The IRS’s paid informant program yielded 476 tips last fiscal year about 1,246 tax evaders after Congress substantially revamped the program in 2006.

The change in the law boosted whistleblower payments from a maximum of 15 percent to a maximum of 30 percent of the proceeds recovered. Last year, of the 994 claims in which an individual made a specific allegation about the amount of the underpayment, 228 alleged an underpayment of $10 million or more, and 64 alleged an underpayment of $100 million or more, according to a report to Congress by the IRS Whistleblower Office.

The IRS does not yet know how much will be collected from the whistleblower reports, but in contrast to the 476 tips it received last year, the office received just 116 tips the previous year.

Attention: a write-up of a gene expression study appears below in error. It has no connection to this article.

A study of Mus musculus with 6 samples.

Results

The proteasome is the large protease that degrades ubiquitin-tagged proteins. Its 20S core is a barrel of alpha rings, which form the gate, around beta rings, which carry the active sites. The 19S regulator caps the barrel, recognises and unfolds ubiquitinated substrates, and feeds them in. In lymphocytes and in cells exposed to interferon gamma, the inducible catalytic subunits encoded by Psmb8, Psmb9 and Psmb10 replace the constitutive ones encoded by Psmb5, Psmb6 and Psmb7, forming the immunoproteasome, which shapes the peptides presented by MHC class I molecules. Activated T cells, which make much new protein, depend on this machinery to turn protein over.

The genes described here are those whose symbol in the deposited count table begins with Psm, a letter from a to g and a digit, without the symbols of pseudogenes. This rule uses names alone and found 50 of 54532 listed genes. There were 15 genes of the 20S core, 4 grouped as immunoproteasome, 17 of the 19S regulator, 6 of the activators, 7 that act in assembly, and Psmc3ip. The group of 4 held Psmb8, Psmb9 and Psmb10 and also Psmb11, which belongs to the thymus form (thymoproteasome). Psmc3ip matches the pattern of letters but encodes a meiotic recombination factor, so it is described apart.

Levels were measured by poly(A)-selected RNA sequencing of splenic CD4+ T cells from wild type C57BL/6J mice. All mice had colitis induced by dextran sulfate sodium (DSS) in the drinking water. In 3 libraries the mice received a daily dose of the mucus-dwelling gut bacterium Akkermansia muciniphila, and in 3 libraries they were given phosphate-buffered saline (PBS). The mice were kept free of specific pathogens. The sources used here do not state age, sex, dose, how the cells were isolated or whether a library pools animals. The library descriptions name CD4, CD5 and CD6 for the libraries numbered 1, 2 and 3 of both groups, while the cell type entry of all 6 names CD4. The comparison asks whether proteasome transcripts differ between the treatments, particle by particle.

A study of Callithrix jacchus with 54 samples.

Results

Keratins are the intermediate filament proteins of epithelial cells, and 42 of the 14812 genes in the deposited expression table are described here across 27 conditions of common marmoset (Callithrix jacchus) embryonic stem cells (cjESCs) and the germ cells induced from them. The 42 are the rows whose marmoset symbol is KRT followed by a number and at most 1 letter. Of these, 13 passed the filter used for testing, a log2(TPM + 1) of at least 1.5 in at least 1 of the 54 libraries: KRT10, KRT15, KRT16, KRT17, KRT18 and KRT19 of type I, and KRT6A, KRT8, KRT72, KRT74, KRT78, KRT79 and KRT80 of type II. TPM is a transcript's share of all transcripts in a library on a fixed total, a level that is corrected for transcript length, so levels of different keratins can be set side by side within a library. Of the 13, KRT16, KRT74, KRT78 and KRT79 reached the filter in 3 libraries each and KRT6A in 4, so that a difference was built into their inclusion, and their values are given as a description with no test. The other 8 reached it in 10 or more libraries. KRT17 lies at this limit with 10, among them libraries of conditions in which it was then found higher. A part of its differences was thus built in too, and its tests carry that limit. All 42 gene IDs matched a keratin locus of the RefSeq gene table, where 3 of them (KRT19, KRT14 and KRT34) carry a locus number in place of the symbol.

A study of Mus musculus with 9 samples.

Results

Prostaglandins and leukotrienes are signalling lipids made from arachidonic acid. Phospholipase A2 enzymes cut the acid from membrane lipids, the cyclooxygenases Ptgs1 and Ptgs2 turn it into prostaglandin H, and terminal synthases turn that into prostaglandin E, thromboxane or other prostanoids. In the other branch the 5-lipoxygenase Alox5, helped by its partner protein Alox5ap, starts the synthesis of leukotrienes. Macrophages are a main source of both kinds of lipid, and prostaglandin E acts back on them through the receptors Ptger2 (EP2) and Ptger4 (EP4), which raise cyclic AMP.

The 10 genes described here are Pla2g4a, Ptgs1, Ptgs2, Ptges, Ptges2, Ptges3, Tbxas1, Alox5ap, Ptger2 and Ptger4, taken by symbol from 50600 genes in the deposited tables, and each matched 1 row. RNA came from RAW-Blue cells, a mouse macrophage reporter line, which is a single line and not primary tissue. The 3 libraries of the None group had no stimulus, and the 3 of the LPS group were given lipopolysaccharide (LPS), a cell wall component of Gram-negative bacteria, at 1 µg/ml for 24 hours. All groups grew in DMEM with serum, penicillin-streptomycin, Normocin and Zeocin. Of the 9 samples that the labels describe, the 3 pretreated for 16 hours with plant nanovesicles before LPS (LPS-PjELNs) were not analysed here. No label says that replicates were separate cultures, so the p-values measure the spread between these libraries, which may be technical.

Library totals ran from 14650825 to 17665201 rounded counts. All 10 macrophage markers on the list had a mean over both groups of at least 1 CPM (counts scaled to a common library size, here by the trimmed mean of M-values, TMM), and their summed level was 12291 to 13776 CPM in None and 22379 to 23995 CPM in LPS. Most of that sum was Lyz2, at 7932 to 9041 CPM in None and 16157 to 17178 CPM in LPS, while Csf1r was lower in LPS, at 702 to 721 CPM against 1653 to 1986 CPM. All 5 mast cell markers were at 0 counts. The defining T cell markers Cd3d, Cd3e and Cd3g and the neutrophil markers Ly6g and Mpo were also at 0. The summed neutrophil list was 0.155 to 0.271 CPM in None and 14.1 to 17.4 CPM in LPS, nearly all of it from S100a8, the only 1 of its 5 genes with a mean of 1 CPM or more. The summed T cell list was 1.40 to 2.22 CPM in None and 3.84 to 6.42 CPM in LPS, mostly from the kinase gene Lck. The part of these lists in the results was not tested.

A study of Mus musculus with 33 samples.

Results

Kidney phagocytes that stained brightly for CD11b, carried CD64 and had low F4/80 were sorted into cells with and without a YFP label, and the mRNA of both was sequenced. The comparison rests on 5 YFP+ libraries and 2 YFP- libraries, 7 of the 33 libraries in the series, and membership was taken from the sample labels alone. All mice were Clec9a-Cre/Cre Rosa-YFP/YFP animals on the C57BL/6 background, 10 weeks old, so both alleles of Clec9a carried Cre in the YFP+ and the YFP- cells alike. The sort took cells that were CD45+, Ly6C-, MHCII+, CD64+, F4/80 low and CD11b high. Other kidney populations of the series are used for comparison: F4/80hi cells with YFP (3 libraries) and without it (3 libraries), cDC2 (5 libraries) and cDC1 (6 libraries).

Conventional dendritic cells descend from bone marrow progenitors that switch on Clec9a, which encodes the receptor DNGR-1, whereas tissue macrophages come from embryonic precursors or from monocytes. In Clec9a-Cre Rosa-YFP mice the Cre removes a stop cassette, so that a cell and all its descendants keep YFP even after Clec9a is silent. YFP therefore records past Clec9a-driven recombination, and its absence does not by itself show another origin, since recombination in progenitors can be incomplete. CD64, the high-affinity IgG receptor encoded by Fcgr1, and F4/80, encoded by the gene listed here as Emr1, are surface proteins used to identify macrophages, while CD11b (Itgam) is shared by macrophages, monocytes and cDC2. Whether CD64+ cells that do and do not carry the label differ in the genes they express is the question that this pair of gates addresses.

Only eight of the 198 fully paid claims in 2008 involved collections of more than $2 million, and only three involved collections of more than $10 million, but most of those claims had been made under the old informant program.

“I hope the IRS will work faster to process the whistleblower submissions, try not to accumulate a backlog, and stop as many big-dollar fraud operations as possible,” said Senate Finance Committee ranking member Charles Grassley, R-Iowa.

Many of the individuals who told the IRS about the tax evasion claimed to have inside knowledge of the transactions they were reporting and often provided extensive documentation to support their claims, according to the IRS. Earlier this year, Girls Gone Wild video producer Joe Francis accused his accountant of turning him in for tax evasion under the IRS whistleblower program in order to collect a reward while simultaneously defrauding the production company as its CFO.